Overcoming Emotional Eating

Overcoming Emotional Eating

Do you find yourself eating to feel better or to relieve stress? This is commonly referred to as emotional eating. Emotional eating is when we turn to food for comfort, stress relief, or even as a form of reward. We do so to soothe or suppress emotions, and at times, aren’t even physically hungry.

To overcome this habit of emotional eating, it is important to first recognise how you are feeling. This helps you to know when you are vulnerable to the temptation of emotional eating

Here are some ways to help you curb your emotional eating habits:

Coping with Stress

Stress is typically the root cause of emotional eating. After a long day, it’s normal to feel like comfort food would do the trick. However, eating comfort food to relieve stress should not be an option as it’s been known to induce stress rather than relieve it. If you’re guilty of resorting to comfort food as a way to destress, then it’s time to find alternative methods that are healthy and effective such as listening to music or taking a walk in the park!

Out of Sight out of Mind

When it comes to emotional eating, you will come to find that the foods you run to for comfort are usually the ones most accessible. They are often lying in your pantry or on your kitchen tables. When your comfort foods are so readily available, it makes it so much easier to fall into temptation. Putting unhealthy food behind healthy ones, makes you reconsider if the hassle to retrieve it is really worthwhile and serves as a subtle reminder to eat well. Practicing this simple trick can greatly reduce your chances of eating comfort food and at times, you forget you had them in the first place!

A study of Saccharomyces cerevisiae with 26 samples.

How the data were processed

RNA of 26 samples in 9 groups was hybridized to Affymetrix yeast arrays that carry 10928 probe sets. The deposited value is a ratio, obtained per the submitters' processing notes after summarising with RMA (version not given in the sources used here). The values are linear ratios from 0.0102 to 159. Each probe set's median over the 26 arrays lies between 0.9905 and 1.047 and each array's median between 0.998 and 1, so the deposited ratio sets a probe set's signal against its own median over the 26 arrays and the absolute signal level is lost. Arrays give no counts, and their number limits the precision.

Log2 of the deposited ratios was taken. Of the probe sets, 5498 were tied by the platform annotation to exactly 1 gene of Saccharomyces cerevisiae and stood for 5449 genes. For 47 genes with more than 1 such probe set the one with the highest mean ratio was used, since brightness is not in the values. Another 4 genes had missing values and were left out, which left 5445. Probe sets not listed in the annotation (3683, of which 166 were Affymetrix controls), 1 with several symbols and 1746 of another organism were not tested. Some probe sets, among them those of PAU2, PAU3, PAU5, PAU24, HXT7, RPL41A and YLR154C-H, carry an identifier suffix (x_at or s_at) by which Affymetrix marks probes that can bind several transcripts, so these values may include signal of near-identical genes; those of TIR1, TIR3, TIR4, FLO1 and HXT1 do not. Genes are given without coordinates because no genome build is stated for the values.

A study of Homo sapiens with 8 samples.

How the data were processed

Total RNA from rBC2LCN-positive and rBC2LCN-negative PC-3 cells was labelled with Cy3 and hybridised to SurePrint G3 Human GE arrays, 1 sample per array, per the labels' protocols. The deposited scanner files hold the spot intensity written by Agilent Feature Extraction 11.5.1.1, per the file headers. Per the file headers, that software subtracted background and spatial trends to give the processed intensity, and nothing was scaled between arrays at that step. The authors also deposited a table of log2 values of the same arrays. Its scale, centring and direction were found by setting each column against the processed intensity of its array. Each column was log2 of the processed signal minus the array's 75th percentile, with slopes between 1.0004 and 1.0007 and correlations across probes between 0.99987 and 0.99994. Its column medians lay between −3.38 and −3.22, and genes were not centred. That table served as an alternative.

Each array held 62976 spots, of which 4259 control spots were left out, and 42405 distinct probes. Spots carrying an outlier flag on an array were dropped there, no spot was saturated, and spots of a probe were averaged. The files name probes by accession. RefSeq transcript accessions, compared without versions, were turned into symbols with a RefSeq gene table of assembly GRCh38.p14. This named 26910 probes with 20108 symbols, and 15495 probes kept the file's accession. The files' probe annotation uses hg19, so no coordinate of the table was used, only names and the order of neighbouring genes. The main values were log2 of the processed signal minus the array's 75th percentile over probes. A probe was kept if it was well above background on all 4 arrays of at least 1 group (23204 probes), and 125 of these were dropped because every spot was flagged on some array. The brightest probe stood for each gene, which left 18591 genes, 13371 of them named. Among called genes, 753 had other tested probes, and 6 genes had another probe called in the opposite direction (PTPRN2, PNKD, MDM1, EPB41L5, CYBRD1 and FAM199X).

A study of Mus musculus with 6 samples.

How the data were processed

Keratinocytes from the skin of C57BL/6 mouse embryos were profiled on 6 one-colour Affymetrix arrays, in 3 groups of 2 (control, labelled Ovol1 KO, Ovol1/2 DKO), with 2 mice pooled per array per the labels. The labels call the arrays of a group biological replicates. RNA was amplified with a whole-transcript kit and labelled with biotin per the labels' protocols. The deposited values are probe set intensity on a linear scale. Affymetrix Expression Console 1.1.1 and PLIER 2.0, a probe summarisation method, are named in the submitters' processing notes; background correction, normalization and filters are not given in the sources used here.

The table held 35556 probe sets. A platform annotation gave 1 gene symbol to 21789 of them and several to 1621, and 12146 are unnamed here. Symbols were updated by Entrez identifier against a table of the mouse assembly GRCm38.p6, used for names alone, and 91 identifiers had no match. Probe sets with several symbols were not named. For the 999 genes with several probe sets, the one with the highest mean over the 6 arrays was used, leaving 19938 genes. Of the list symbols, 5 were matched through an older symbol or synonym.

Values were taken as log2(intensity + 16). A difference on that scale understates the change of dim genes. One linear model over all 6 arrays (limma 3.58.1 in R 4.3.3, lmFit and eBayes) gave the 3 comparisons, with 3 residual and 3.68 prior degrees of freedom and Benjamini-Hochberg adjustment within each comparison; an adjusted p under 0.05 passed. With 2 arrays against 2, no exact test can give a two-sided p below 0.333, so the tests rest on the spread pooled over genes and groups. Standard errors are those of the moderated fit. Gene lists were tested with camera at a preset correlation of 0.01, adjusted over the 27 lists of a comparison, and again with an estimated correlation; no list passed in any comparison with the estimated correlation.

Slow and Steady

Complete abstinence from unhealthy food may be tricky when you first try to get into the habit of it. Instead of overcoming emotional eating by going cold turkey, you may want to consider limiting sizable volumes of unhealthy food at each instance. As you ease your way into forming a habit of conscious and healthy eating, you’ll find it easier to give up the bad habit of emotional eating.

Start a Food Journal

Keeping a journal of what you eat may help you identify your causes of emotional eating. You can do so by writing your meals down on your notebook or phone. When doing this, include also the emotions and feelings you’re facing at that point in time. You will start to see a trend in your feelings and the food you resort to. Identifying your go-to comfort foods is the first step to avoiding them.

Alternatively, before the start of your week, you may want to plan out what to eat for every meal of the day. By doing this, you are less likely to succumb to sudden urges for unhealthy foods! This could drastically limit your emotional eating and additionally help you plan balanced nutritional meals for the week!

In conclusion, food might help you ease your emotions initially, but addressing how you feel behind your physical hunger is what matters in the long run. Knowing yourself better helps you make good decisions when choosing your next meal!